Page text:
The Bronx, 1985: Wilson DeLeon (Manny Perez) is summoned by his boss, drug lord Javier Cordero (Gary Perez), for a late-night rendezvous. Wilson's hugely pregnant wife, Millie (Wanda De Jesus), begs him not to go and reveals the financial management she's been doing in secret: She's invested Wilson's ill-gotten gains in local businesses, scrubbing away the blood and turning it into legitimate income... enough that they could leave the Bronx behind. But Wilson won't listen and is murdered by Cordero's gun-toting tarts, dying as Millie goes into labor. Knowing she isn't safe, Millie flees with her baby.
Connecticut, 2007: Millie lives in gated-community luxury with Wilson Jr. (Rick Gonzalez), an outstanding student at Danbury College, and Wilson's half brother, little Randy (Antonio Ortiz). Then Millie runs into an acquaintance from the old neighborhood at the supermarket. By the time Wilson gets home from school, she's got the car packed and is ready to go. Wilson's supposed smarts notwithstanding, he's never thought to ask where his single mom's money comes from or why they've moved repeatedly and suddenly since he was a child — he's been too busy driving around in his sharp car with adoring girlfriend Ana (Dania Ramirez) and griping about Millie's boyfriends. So he stands his ground and is stunned when mom opens the family closet and lets the skeletons come tumbling out: His dad was a drug dealer, she tells Wilson, which is why the basement safe is full of guns, one of which he'd better keep if he insists on staying. After the inevitable hit squad comes for him, Wilson delves deeply into his family's past, which leads him to Puerto Rico and the lair of his father's killer.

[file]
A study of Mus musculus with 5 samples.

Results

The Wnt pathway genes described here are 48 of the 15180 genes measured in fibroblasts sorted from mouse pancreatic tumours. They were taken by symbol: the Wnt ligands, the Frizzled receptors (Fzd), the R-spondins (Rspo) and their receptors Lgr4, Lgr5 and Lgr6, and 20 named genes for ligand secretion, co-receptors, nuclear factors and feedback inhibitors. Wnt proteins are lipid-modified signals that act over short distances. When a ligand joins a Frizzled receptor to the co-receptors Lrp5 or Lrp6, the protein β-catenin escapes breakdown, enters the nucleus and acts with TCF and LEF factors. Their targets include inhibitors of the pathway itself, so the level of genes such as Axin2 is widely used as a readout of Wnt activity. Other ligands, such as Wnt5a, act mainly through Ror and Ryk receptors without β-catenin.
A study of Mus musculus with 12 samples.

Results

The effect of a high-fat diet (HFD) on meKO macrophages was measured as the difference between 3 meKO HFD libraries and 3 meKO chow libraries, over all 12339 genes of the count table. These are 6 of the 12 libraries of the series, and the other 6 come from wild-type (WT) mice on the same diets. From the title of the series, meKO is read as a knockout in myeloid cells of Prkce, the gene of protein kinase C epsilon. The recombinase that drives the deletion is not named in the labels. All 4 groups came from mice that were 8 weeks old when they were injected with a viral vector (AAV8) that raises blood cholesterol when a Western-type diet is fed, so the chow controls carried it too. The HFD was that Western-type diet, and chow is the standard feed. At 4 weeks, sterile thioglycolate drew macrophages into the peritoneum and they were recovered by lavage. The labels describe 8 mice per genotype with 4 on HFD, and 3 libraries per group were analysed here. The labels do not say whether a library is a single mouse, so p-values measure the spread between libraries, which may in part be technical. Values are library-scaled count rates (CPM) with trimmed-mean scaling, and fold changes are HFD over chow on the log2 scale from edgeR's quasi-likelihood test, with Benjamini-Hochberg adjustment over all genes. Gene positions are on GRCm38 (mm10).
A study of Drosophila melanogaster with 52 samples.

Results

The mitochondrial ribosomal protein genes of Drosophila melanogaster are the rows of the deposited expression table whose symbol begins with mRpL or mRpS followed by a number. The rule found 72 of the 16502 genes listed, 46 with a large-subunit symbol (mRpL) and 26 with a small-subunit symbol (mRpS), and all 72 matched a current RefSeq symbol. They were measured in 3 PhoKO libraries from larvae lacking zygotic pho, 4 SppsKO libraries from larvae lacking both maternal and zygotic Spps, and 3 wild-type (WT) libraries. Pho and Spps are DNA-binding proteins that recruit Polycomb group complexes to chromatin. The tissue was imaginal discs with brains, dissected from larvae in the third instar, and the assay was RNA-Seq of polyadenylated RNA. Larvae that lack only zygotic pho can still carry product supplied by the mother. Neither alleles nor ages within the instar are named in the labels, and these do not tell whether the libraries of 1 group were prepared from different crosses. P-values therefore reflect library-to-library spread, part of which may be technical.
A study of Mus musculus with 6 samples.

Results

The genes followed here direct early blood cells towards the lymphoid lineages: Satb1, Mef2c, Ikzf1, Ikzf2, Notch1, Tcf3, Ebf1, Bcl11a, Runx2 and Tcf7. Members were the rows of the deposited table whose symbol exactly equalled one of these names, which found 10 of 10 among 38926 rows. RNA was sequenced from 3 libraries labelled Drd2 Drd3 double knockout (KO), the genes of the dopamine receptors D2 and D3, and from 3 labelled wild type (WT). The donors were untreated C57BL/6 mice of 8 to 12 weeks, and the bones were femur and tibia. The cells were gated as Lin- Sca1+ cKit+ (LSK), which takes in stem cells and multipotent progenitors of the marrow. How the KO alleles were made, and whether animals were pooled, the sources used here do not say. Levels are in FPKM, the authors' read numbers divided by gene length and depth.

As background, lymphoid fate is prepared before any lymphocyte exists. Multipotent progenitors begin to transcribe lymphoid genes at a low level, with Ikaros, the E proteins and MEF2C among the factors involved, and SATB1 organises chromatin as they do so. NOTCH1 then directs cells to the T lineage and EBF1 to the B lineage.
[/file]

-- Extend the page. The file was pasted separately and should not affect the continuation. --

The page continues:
Like Reyes' first film, EMPIRE (2002), this tale of crime and punishment is wrapped in a veneer of flashy attitude but founders on mundane details. If the DeLeons have been in hiding for two decades, why are they still DeLeons? Not only is the family name on a mess of big-money real estate tractions, but it's Wilson's vanity plate. And where in wealthy Connecticut can you have a pitched gun battle on your front lawn without the police showing up within minutes? And when they finally arrive, why aren't they more curious about pistol-packing mama Millie's arsenal? Or is she putting her own name on legal gun registrations as well? If the film were as baroquely deranged as, say, SHADOWBOXER (2006) — a three-ring freak show in crime movie drag — the details wouldn't matter, but they count in a nominally realistic genre film, where street cred is all. leave a comment --Maitland McDonagh
Produced by John Singleton for writer-director Franc. Reyes, this preposterous tale of crime-family values should be far more entertaining than it is.